The last clean energy boom turned to bust. Will this time be any different?
April 23, 2021. Summarized by summa-bot.
Compression ratio: 23.8%. 2 min read.
Wind turbines at a wind farm near Highway 12 in Rio Vista, California, U.S., on Tuesday, March 30, 2021. President Biden's $2.25 trillion infrastructure and stimulus blueprint he is set to unveil today, meant to catalyze investments in a clean energy economy and encourage low-emission technology necessary to constrain global warming, would give a 10-year extension to tax credits that have been a boon to wind and other renewable energy projects. Photographer: David Paul Morris/Bloomberg via Getty Images
Investors who back upstart companies are known for their optimism. But when it comes to the wall of money pouring into clean energy, their enthusiasm is tinged with concern.
"I always worry something is going to happen and it will suck the wind out of the market," said Craig Lawrence, who led energy and clean tech investing at Silicon Valley's Accel Partners between 2008 and 2010.
The WilderHill New Energy Global Innovation Index, which tracks shares in 125 global companies that aim to address climate change, hit an all-time high earlier this year.
The cost of producing renewable energy has dropped dramatically, making wind and solar power competitive with fossil fuels, while investors, governments and top companies, from Amazon (AMZN) to JPMorgan Chase (JPM), are injecting billions of dollars into sustainable projects.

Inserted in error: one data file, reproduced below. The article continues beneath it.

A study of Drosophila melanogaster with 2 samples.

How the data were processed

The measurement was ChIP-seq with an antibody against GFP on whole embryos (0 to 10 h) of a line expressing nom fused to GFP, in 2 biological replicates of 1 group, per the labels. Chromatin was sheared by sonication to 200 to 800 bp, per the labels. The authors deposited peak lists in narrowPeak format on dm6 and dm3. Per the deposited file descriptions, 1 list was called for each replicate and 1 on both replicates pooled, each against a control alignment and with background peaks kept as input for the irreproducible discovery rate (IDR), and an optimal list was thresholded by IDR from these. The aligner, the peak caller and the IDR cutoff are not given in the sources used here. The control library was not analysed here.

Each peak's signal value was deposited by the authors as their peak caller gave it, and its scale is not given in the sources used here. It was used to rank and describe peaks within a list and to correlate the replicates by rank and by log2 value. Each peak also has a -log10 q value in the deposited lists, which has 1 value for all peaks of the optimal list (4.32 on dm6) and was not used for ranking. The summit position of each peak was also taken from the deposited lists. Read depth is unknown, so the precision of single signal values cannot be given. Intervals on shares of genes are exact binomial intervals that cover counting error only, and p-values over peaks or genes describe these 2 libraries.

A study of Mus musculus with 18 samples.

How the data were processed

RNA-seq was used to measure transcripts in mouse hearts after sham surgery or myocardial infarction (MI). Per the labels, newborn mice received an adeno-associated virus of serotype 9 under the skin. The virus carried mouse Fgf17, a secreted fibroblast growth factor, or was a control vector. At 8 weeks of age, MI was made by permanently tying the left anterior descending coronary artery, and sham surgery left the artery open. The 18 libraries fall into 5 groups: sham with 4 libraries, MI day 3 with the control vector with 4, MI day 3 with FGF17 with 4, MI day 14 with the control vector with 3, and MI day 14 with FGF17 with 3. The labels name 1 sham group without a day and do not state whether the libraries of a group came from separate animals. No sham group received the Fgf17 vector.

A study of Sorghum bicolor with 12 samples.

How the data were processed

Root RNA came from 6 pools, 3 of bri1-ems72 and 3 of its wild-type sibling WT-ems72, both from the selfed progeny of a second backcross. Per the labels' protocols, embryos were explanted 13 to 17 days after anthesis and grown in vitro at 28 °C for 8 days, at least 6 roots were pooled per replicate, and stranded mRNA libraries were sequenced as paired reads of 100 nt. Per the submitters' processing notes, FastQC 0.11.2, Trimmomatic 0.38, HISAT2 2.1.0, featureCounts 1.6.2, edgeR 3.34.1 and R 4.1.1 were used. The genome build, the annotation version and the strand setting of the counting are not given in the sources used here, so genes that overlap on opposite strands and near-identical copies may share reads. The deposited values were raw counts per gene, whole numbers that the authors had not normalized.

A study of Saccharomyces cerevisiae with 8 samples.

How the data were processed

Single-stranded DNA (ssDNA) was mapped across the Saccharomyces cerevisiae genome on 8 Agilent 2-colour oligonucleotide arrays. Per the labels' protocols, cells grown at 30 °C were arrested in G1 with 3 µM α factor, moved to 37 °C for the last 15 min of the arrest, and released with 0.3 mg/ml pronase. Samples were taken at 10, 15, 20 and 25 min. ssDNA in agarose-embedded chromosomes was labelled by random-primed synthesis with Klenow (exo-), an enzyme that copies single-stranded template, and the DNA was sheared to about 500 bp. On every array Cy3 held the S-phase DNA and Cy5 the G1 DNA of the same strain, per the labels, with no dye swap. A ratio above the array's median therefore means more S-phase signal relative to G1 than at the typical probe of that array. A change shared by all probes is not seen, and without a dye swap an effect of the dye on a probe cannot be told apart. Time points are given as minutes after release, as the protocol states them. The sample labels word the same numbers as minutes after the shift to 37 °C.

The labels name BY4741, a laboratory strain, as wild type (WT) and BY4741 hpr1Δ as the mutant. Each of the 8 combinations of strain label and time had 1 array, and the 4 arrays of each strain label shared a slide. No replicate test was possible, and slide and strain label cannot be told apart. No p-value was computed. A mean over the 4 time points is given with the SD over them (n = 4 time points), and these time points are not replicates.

Between 2006 and 2011, venture capital firms anticipating major growth put over $25 billion into clean energy technology, according to a 2016 report published by the MIT Energy Initiative.
"There was a sort of hubris among venture capitalists in treating the energy industry like they treated the tech industry," Lawrence said.
"When you hit these major bumps in the road, it gets scary," said Carmichael Roberts, who serves on the investment committee at Breakthrough Energy Ventures.
This month alone, JPMorgan Chase (JPM) said it would finance or facilitate investments of $2. 5 trillion over 10 years to support solutions that address climate change and contribute to sustainable development, while Apple (AAPL) announced a $200 million investment fund designed to remove carbon emissions from the atmosphere and support sustainable forestry.
The wider investment community is also rushing in, as clients push fund managers to create sustainability-focused portfolios, and spectacular growth for companies like Tesla (TSLA) sparks enthusiasm among everyday investors.
Breakthrough Energy Ventures — which was launched by Bill Gates and other wealthy investors in 2016 as a $1 billion fund — has raised an additional $1 billion after investing in more than 50 startups that could help the world approach net-zero emissions.
According to PitchBook data, 16 companies focused on clean, sustainable energy have been taken public via SPACs since 2020 — up from just four in 2019.